Wayne County's state senator has written a bill making it easier for school districts to merge their administrations to cut costs, but after talking with some local superintendents, it doesn't appear any area districts are eager to take up the offer if it gets approved, even if a one-time grant of $500 per student is included as an incentive.
State Sen. Jeff Raatz, R-Centerville, one of the authors of Senate Bill 248, said he hesitates to use the word "consolidation" when talking about his proposal.
“I didn't know the word consolidation was almost a cuss word,” he said. "And so I ran up against a lot of opposition as well as some heated discussion.
"I don't have a desire for school districts to consolidate, but should they come to a need, whether it's economically or because of lost revenue because of students not being there, they just have some additional guidelines that make it easier for them to address this because it's a huge issue, and rightfully so."
Raatz wants Hoosiers to be clear that schools could keep their names and traditional mascots after any merger through his bill, so Lions could remain Lions and Tigers could remain Tigers forever. The bill doesn't require any closing of school buildings if districts consolidate their administrative functions.
"We understand it's an emotional issue, and we're trying to give all the latitude we can," Raatz said. "If someone uses it, great. If they don't, that's perfectly fine, too."
The bill is intended to clear up how districts with debt can consolidate.
"This bill actually would allow school districts to simply consolidate their administrative functions and possibly eliminate some salaries in the middle of that and still maintain autonomy," Raatz said. "It gives them a lot of latitude to make decisions at the local level that are in the best interest of the people, the best interest economically."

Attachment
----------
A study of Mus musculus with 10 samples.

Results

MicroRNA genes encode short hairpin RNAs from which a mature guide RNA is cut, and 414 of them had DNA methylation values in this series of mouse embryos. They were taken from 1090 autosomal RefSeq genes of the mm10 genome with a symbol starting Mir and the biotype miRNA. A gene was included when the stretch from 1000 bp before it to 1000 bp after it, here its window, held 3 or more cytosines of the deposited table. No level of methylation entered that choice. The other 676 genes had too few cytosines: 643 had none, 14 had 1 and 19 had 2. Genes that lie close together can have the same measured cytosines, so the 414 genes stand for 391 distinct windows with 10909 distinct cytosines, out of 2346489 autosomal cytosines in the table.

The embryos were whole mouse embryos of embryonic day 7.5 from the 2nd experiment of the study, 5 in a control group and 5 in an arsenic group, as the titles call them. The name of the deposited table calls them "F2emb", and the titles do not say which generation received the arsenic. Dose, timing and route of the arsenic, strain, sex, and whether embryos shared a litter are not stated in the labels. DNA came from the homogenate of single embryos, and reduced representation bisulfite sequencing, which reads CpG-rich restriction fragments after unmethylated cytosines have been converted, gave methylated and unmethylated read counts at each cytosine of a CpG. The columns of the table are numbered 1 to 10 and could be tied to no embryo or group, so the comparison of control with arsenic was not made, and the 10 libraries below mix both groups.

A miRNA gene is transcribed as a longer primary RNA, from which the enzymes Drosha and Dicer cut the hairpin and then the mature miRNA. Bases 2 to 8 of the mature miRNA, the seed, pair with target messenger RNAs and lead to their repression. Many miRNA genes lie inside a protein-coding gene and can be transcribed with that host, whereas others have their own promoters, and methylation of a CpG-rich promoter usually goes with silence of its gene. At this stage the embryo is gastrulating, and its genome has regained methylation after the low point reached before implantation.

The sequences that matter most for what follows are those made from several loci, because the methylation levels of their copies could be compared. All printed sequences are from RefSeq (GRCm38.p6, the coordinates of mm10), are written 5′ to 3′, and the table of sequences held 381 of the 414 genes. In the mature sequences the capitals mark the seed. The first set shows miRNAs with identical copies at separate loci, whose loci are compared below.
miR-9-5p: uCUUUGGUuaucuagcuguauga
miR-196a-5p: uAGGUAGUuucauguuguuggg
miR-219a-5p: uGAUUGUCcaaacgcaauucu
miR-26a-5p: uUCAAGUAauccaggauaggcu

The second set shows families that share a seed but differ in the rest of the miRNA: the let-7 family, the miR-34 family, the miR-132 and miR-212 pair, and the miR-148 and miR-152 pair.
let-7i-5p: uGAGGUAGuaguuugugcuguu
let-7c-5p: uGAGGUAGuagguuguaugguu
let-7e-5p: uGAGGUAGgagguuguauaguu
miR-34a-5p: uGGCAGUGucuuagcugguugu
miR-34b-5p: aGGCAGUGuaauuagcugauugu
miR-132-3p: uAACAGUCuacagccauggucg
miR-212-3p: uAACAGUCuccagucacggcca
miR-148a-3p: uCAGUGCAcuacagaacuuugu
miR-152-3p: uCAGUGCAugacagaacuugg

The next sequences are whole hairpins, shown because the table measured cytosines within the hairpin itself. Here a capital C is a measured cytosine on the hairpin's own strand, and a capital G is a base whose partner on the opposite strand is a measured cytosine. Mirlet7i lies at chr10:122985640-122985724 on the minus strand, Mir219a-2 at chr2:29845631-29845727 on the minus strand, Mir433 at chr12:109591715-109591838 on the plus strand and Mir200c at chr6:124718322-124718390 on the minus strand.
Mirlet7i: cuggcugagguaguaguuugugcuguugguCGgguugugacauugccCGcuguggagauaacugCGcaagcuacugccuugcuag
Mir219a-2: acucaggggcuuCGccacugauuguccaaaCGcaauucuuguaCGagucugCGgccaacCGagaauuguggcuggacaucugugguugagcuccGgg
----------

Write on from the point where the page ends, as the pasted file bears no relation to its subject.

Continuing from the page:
Raatz said if a school district ends up considering a consolidation, or a large group of taxpayers within a school district decides to urge the school board to consider the possibility, they have options.
"All that stuff is existing code with the exception of dealing with debt," Raatz said. "I thought it was a brilliant move and I wanted to carry it out, and I've been fortunate enough to get it through."
Raatz's bill allows two or more school corporations in the same or adjoining counties to consolidate. Debts or obligations paid by a debt service levy incurred by a school corporation before the new consolidated corporation is created may be levied only on the taxpayers of the district that initially incurred the debt or obligation before a merger.
Raatz said he has talked with some superintendents about the bill. He said some who have been burned in the past while trying to consolidate don't like the proposal. Others have said they aren't affected by the plan.
During this legislative session, lawmakers have proposed a one-time, $500-per-pupil incentive related to Raatz's bill if schools do consolidate.